Throughout history, we’ve relied on our canine companions to help us find our way and even to rescue us when we’re in trouble. But sometimes, it’s man’s best friend who needs rescuing. Thanks to technological advancements made in 3D printing, veterinary teams have been able to provide physical relief for some brave bow-wows — resulting in some major tail-wagging.
3D printers are used for all kinds of purposes today. They can be utilized to print concrete materials for construction or to create intricate jewelry. Of course, they’re becoming more common in the medical field, as well. Now, they’re also being used by vets and animal surgeons to make high-quality prosthetics. For example, a hornbill in Japan recently received a 3D-printed beak after his own was damaged by cancer, and several ducks have received 3D-printed legs that have restored their waddle.
But 3D printing isn’t for the birds; it’s now gone to the dogs, too.
When a sweet dachshund named Patches developed a tumor in her skull, her little head grew to nearly twice its size. While her American and Canadian veterinary team was able to remove the massive growth — which was so large that they had to take out nearly 70% of her skull — they had to get creative and figure out a way to replace what was missing. So they used a 3D printer to create a titanium plate that matched perfectly with Patches’ remaining bone. 3D-printed implants, explained Patches’ vet to the New York Times, are more preferable for dogs than ready-made implants due to the unique shape of every species’ skull.
The surgery was a success, with some experts calling the development “groundbreaking.” Cornell University’s Dr. Galina Hayes, who took a lead role in Patches’ treatment, explained:
“I think this is still a technology we are figuring out how to incorporate into veterinary medicine… It is always going to be a niche demand, mainly because the cases that need it are fairly rare, but also because of the financial cost.”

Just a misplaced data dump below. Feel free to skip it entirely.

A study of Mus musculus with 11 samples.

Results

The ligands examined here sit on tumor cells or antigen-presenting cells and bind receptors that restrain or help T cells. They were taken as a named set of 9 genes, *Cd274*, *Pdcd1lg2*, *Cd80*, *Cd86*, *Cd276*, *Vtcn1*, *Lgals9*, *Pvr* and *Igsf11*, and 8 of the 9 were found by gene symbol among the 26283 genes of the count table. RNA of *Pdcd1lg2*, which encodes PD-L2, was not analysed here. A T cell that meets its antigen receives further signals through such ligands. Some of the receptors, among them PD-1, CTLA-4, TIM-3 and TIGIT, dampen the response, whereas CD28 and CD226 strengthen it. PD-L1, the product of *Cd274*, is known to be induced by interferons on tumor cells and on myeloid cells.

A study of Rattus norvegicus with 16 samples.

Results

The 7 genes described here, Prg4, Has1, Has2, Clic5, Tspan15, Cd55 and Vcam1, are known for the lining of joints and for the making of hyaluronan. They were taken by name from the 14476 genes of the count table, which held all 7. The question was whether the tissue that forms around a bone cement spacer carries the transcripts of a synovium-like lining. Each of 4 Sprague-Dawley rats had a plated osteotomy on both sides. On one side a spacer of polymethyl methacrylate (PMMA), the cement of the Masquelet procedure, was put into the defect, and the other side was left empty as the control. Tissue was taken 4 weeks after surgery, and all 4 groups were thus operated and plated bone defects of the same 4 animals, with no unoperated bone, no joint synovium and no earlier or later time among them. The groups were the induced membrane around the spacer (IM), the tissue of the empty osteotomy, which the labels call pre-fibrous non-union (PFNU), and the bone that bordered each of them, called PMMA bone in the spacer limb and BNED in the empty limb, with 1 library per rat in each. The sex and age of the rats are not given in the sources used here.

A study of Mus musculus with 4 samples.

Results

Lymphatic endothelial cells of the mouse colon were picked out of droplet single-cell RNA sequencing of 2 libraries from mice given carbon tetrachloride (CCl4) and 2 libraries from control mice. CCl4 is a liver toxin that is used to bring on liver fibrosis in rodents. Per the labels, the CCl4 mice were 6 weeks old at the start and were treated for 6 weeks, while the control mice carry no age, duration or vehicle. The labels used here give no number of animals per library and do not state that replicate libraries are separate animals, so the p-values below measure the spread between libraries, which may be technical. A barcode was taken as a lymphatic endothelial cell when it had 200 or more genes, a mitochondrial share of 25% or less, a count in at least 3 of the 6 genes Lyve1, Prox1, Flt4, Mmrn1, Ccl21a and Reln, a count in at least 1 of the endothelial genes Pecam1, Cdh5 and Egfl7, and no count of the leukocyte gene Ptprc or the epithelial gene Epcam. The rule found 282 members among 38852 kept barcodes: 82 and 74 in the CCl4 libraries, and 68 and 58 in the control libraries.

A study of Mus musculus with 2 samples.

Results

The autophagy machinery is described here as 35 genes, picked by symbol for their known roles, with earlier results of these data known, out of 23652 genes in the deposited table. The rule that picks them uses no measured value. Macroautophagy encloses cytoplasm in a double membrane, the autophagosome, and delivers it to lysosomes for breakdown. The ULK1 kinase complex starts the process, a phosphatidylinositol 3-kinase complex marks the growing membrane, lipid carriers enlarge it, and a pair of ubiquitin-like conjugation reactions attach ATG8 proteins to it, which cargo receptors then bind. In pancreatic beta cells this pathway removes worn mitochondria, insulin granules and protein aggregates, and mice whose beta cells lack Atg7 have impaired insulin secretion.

Despite the fact that Patches suffered a slipped disk a week after her surgery (in an event that paralyzed her hind legs and was likely unrelated to the procedure), owner Danielle Dymeck says she’s cancer-free and in great spirits.
“She has a wheelchair that she refuses to use, so she pulls herself around on her two feet, but she’s pretty fast,” explained Dymeck to CNN. “I feel lucky to be her owner, and she’s still the boss of the house… We called her our little unicorn because she had this bump on her head, but it would have killed her. It’s pretty amazing what they did for my girl.”
Patches isn’t the only hound to have been helped by 3D printing. Another pup named Bento has suffered medical complications for nearly his whole life. When he was dropped as a three-month-old puppy, he suffered a severe bone fracture to his right foreleg. While bone fractures typically heal within two to 10 weeks, Bento’s leg never healed the right way. He underwent at least two surgeries in an attempt to restore use of his leg, but he ended up suffering another fracture — and given how fast he was growing, it was clear additional action needed to be taken. Thanks to intervention from Case Western Reserve University’s Sears think[box] program and veterinary staff surgeon Andy Law, Bento underwent a minimally invasive procedure that gave him a brand new 3D-printed leg.
Emily Conway, a veterinary ophthalmologist and Bento’s new owner, said in a statement: “Within a matter of days, he was putting weight on the leg, and soon all he wanted to do was run around and be a normal, happy puppy… All signs point to him maintaining regular leg function throughout his life.”
While 3D printing is still not nearly as accessible as one might hope, it’s clear that it’s no longer being dismissed as a far-fetched option. And for those whose fur babies are akin to family, it’s a comfort to know that there may be ways to avoid euthanasia in favor of providing a new lease on life.